Irrigation water quality, salinity, gypsum, and sodium—I’m not even going to mention the problems that bicarbonate doesn’t cause—are topics that are sure to stir up some discussion. I shared a couple old blog posts last week, related to sodium, sodicity, and gypsum, and sure enough, there were all kinds of responses, with much of it taking a tangent from what the blog posts were about.
I’m writing this post to put links to those old posts into one place, and to share excerpts from three recent conversations that might clarify some solutions, and the simplicity of the solutions, especially when dealing with turf growing in a sand rootzone.
3 old articles about salinity and sodicity
- Is sodium an imaginary problem?
- Soil and water management: 3 problems, 3 solutions
- No matter how much sodium one puts into a sand rootzone, the soil structure cannot be affected, so gypsum won’t be required
From that last one, I wrote about how to classify the problems, and how to find the solutions for each one:
Real quick, water problems are divided into 3 main categories, and each has a different solution.
Salinity – this is the total salt. The solution to salinity problems is to add extra water to leach the salts below the rootzone. No Ca is required for this. The water does the leaching.
Sodicity – this is a soil structural problem that occurs in soils when the sodium gets too high. It is defined as exchangeable sodium percentage > 15%. This is irrelevant in sand rootzones because the sodium does not cause any structural problems in sand. This is a problem in clay soils. The solution to this problem is to add gypsum. The Ca in the gypsum then replaces some of the sodium and restores the soil structure.
Saline-Sodic – in this case, the sodicity occurs and is combined with high total salts. Also irrelevant in sand rootzones because of reason mentioned above. The solution to this problem is to add gypsum, to restore soil structure, and then to add extra water to leach the salts.
Three recent conversations
1) I’ve written that “No matter how much sodium one puts into a sand rootzone, the soil structure cannot be affected, so gypsum won’t be required.”
A correspondent asked, “Is it because the salt water passes thru rather than staying in the sand, i.e. no salt water no salt?
I wrote back, “Sodic soils have > 15% exchangeable sodium.
The reason for applying gypsum to sodic soils is to replace sodium on cation exchange sites with calcium, and from that process to reduce the exchangeable sodium percentage, improve the soil structure, and then be able to leach some of the sodium.
Sands don’t have any of these problems because the soil structure does not change no matter what type of sodium or salt is in the irrigation water or the soil. Thus, any salt can be leached simply by adding water, and there will be no improvement in soil structure, whether one adds gypsum or does not add gypsum.”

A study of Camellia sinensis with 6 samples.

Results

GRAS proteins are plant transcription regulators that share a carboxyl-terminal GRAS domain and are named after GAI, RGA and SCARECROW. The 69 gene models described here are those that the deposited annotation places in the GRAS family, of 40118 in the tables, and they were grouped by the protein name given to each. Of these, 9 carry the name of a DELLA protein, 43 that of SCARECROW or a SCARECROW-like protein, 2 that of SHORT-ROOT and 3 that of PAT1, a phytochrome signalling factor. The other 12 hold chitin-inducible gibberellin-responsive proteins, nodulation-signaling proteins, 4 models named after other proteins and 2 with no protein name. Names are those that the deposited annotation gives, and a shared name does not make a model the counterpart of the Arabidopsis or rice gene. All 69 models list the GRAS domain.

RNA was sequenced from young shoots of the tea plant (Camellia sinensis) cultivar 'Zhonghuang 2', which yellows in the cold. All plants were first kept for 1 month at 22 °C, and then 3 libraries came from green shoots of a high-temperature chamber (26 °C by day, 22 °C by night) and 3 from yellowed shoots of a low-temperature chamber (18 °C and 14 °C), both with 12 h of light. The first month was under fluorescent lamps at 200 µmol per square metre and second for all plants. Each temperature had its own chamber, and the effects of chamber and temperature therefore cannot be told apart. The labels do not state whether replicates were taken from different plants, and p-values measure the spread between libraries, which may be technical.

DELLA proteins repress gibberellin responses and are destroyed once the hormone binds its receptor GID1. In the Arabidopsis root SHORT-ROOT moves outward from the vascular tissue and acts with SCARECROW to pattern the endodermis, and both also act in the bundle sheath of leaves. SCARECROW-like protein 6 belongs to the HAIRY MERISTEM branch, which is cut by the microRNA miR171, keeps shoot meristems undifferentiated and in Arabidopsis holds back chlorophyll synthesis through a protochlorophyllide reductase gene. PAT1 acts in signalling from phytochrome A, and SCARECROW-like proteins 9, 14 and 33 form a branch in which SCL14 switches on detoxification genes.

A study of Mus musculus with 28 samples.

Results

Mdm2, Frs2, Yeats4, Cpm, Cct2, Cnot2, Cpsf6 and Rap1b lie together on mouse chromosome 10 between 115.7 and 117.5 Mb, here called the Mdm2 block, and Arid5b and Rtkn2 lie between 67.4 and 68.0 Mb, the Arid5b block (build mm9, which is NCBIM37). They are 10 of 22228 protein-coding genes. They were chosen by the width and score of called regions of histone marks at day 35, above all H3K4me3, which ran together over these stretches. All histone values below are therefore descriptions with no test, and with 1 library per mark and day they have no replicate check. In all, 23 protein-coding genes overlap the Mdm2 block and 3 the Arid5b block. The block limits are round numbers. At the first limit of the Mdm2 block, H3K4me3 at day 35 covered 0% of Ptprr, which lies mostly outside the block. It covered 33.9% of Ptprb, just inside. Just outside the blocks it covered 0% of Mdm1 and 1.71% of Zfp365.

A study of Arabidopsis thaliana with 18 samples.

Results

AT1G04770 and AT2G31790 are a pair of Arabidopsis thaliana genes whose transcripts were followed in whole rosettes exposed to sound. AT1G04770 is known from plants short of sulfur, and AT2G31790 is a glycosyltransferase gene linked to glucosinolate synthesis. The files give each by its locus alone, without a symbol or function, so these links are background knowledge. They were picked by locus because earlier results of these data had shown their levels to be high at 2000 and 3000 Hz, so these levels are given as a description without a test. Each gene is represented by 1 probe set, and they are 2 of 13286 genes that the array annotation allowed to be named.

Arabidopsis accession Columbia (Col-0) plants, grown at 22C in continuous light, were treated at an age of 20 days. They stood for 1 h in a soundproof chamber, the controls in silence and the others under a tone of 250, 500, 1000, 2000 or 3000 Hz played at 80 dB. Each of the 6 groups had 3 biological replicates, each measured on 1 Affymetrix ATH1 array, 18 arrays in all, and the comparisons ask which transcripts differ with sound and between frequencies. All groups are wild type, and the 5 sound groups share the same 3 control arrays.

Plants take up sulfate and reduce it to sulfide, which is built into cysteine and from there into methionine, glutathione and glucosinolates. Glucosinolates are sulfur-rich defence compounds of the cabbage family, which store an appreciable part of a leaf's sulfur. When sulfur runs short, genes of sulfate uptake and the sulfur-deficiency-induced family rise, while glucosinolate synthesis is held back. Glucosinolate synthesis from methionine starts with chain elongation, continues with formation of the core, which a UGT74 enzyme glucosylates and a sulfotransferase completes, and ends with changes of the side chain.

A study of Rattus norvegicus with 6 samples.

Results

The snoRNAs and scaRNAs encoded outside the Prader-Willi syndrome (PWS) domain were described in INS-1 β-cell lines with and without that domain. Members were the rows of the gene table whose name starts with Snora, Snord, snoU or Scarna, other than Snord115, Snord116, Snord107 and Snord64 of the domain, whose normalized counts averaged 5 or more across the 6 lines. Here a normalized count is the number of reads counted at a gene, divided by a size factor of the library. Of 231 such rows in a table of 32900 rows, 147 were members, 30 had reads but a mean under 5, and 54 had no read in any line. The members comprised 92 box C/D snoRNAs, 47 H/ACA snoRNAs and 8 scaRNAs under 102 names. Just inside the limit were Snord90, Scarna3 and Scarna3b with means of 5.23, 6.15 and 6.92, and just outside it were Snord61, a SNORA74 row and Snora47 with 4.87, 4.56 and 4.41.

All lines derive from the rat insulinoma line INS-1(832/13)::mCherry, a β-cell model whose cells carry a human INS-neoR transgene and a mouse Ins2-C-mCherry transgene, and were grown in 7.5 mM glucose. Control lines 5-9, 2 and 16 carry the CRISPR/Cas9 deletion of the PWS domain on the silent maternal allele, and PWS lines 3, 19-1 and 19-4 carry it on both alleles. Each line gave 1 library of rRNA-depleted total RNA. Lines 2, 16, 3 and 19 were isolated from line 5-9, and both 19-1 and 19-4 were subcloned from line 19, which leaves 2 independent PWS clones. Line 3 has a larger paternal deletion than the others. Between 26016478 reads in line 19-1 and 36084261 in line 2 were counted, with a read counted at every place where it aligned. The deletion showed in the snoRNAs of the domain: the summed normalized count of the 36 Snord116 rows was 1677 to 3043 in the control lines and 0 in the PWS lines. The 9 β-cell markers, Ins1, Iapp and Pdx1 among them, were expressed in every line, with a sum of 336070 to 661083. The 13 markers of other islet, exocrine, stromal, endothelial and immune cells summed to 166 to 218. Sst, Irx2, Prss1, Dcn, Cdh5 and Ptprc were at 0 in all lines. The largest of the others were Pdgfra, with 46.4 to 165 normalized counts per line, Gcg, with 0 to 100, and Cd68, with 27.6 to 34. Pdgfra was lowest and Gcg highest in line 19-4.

Take home message: understand the difference between salinity and sodicity, and apply that to water movement in sand rootzones.
2) A correspondent wrote, about Mehlich 3 soil test results, and how to apply the MLSN approach in this situation.
“Our sodium levels are on the high end at 30 ppm on average. Our irrigation water is extremely high in bi-carbs as well. K average [in the soil] is 64, Mg 160, Ca 1,627. So to combat the growing sodium levels do I just disregard our Ca numbers and push gypsum to flush Na out?”
I wrote back, “30 ppm sodium is what I would call normal. For all the putting green samples ATC has done in the past 12 years, the average is right around 30.
In fact, for a pushup green, with some soil in it, I would expect even more sodium. For cool season grass, with the Mehlich 3 extractant, I would want the sodium to be less than 110 ppm.
I’m not worried about bicarbonate in irrigation water. The thing to be concerned about in the irrigation water is the EC or the TDS. Those are the measure of the total amount of salt.
In a sand rootzone, you can leach sodium (and other salts) without gypsum.
I expect you can proceed without any gypsum applications. I wouldn’t recommend any based on those results.”
My correspondent wrote back with more information: “Our EC is 0.58 [dS/m] and TDS [total dissolved solids] is 390 [ppm].”
I concluded with this: “Those are negligible salt levels. I’d worry about total water content in the soil. Keep that in the optimum range for your turf and you should be fine.”
See Harivandi’s Interpreting Turfgrass Irrigation Water Test Results for more details. Water with that much salt is classified as Degree of restriction on use: none.
Take home message: understand threshold salinity levels that might cause problems, and stay safely away from them.
3) Tom Calder asked, “if we do have salts in our soils, is the concern/problem more about the salts almost stealing the water from the plant like a sponge?”
That’s kind of the problem, although I like to think of it more in terms of salinity reduces the availability of water to the grass, and because of that it reduces the growth rate of the grass. Here are two technical descriptions of this from textbooks:
Take home message: understand what salinity does, and (going back to the point I made above), be sure to know the difference between salinity and sodicity.